A study in contrast

Although all dogs are 99.8 percent identical genetically, scientists say they have found a string of DNA that separates the big from the small

April 06, 2007|By Dennis O'Brien | Dennis O'Brien,Sun Staff

No mammal on Earth comes in such a variety of sizes as man's best friend.

Yet from a genetic standpoint, dogs are 99.8 percent identical to each other - about the same as humans.

So why do they come in packages as small as a 3-pound Chihuahua and as large as a 150-pound Great Dane?

Breeding techniques play a major role in determining why one dog can be 30 to 50 times larger than another. But scientists are beginning to better understand the role played by nature.

Researchers in Bethesda and other places, working with DNA from more than 3,200 dogs, reported in a study published today that all small dogs share a specific sequence of DNA nearly absent from larger breeds.

Moreover, the sequence lies along the same piece of real estate in the small dog genomes - near a gene known as IGF-1 - which produces a protein that promotes growth.

Somehow the DNA sequence, or genetic variant, is restricting the size of small dogs, while its absence is spurring growth among larger ones, the researchers say. It's common among dogs weighing less than 20 pounds, but not in larger ones.

"There's an enormous role being played by this one gene sequence," said Nathan Sutter, the first author and a molecular geneticist at the National Human Genome Research Institute. The findings were published in the journal Science.

Of course, other genes play a role in determining dog sizes. "You can't put this gene in a Great Dane and expect to have a 10-pound Great Dane. There are other factors going on," said co-author Carlos D. Bustamante, an assistant professor of biological statistics and computational biology at Cornell University.

Modern dogs diverged from the gray wolf more than 15,000 years ago, and in the centuries since, selective breeding has played a major role in determining why they are so diverse, experts say.

Their range of shapes, sizes and abilities have probably made many an owner wonder why some dogs are intelligent enough to round up sheep, while others are so stubborn they won't move when called for dinner.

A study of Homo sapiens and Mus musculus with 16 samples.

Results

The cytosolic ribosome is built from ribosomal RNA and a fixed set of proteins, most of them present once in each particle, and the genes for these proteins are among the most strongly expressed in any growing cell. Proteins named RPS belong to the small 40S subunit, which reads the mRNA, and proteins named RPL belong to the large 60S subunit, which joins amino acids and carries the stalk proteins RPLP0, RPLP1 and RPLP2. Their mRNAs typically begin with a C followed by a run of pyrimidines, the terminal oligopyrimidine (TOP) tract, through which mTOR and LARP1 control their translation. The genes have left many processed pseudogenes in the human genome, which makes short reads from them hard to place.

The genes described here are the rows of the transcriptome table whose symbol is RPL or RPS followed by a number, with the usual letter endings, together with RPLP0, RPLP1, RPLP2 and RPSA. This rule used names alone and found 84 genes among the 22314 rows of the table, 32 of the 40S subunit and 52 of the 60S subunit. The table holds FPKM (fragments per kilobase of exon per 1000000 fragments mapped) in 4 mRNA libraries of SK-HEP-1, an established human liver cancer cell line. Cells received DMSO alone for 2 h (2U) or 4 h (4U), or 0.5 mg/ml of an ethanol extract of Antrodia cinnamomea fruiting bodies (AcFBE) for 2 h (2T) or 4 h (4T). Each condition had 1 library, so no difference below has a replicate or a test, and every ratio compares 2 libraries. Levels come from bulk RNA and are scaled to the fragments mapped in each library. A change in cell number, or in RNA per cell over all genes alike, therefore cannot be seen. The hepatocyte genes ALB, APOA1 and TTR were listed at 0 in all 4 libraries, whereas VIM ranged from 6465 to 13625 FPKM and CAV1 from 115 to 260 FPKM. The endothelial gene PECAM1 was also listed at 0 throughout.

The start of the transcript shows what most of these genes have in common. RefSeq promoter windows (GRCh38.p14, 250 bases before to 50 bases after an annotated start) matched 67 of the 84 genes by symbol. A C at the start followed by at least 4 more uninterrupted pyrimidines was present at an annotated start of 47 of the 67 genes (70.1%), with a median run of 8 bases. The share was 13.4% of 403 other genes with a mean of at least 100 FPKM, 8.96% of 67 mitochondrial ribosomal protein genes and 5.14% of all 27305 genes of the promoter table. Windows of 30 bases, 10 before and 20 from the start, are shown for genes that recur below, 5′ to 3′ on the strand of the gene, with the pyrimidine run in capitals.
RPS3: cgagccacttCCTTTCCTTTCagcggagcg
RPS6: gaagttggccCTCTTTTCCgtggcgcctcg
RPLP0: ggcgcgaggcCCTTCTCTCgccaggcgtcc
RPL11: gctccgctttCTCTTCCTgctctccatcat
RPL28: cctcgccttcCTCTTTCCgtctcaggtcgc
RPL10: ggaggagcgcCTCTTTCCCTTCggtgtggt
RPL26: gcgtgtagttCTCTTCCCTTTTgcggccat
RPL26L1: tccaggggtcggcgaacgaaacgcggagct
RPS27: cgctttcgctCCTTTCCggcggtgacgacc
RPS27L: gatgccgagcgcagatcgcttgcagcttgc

"Humans have had lots and lots of opportunities to produce the dogs they wanted," Sutter said.

For the study, researchers took blood and saliva samples from 3,200 dogs comprised of 143 breeds to compile DNA profiles. Samples were mailed in by kennel clubs and collected by researchers at dog shows around the world over several years.

Biologists at the University of Utah also X-rayed 463 Portuguese water dogs, a breed known for its variety of sizes. From the X-rays, researchers took 92 different measurements of each water dog's anatomy, then used the measurements, and others like them, to document the variety of sizes.

Experts not involved in the study say the work sheds light on how dogs have evolved.

"It's striking and remarkable to think that all small dogs have this mutation, and that at one point, this mutation was something that developed in a single dog," said Mark Neff, who is studying the genetics behind dog pointing behavior at the University of California, Davis.

But the results are not surprising, Neff said. The IGF-1 gene also has been shown to play a role in growth rates among mice and humans.

"It's a well-done study, but it's really part of an ongoing story and there's still a lot to be learned," Neff said.

A sophisticated map of the dog's genome, published by another team of scientists in 2005, showed dogs have about 19,300 genes, compared with about 20,000 for humans, said Kerstin Lindblad-Toh, a researcher at the Broad Institute in Boston who helped sequence the dog genome.

Humans began breeding dogs centuries ago, Sutter said.

Remains of dogs as big as Great Danes have been found in 15,000-year-old settlements in eastern Russia, and bones from terrier-sized mutts have been dug up at archaeological sites inhabited 12,000 years ago in the Middle East and Europe, the researchers say.

The newly discovered genetic variant appeared sometime after dogs split from wolves and its presence in so many breeds means it apparently arrived early on as dogs evolved, Sutter said. It isn't found in wolves, or in their cousins, the jackal, they said.

"Our findings are consistent with the idea that first dogs were large and that when they were domesticated, they were bred early on to get smaller," Sutter said.

The earliest breeders may have preferred small dogs because they were better-adapted to the confines of village life, the authors say.

Sutter says the findings, along with other studies focused on dogs, also could lead to better understanding of the roles specific genes play in the estimated 200 to 300 genetically based diseases shared by humans and dogs.

Dogs can get cardiovascular disease, autoimmune diseases and cancers, such as melanomas and skin cancers, the researchers say.

"Dogs are wonderful models where multiple genes play a role in diseases that may also have some environmental component," said K. Gordon Lark, a co-author and geneticist from the University of Utah.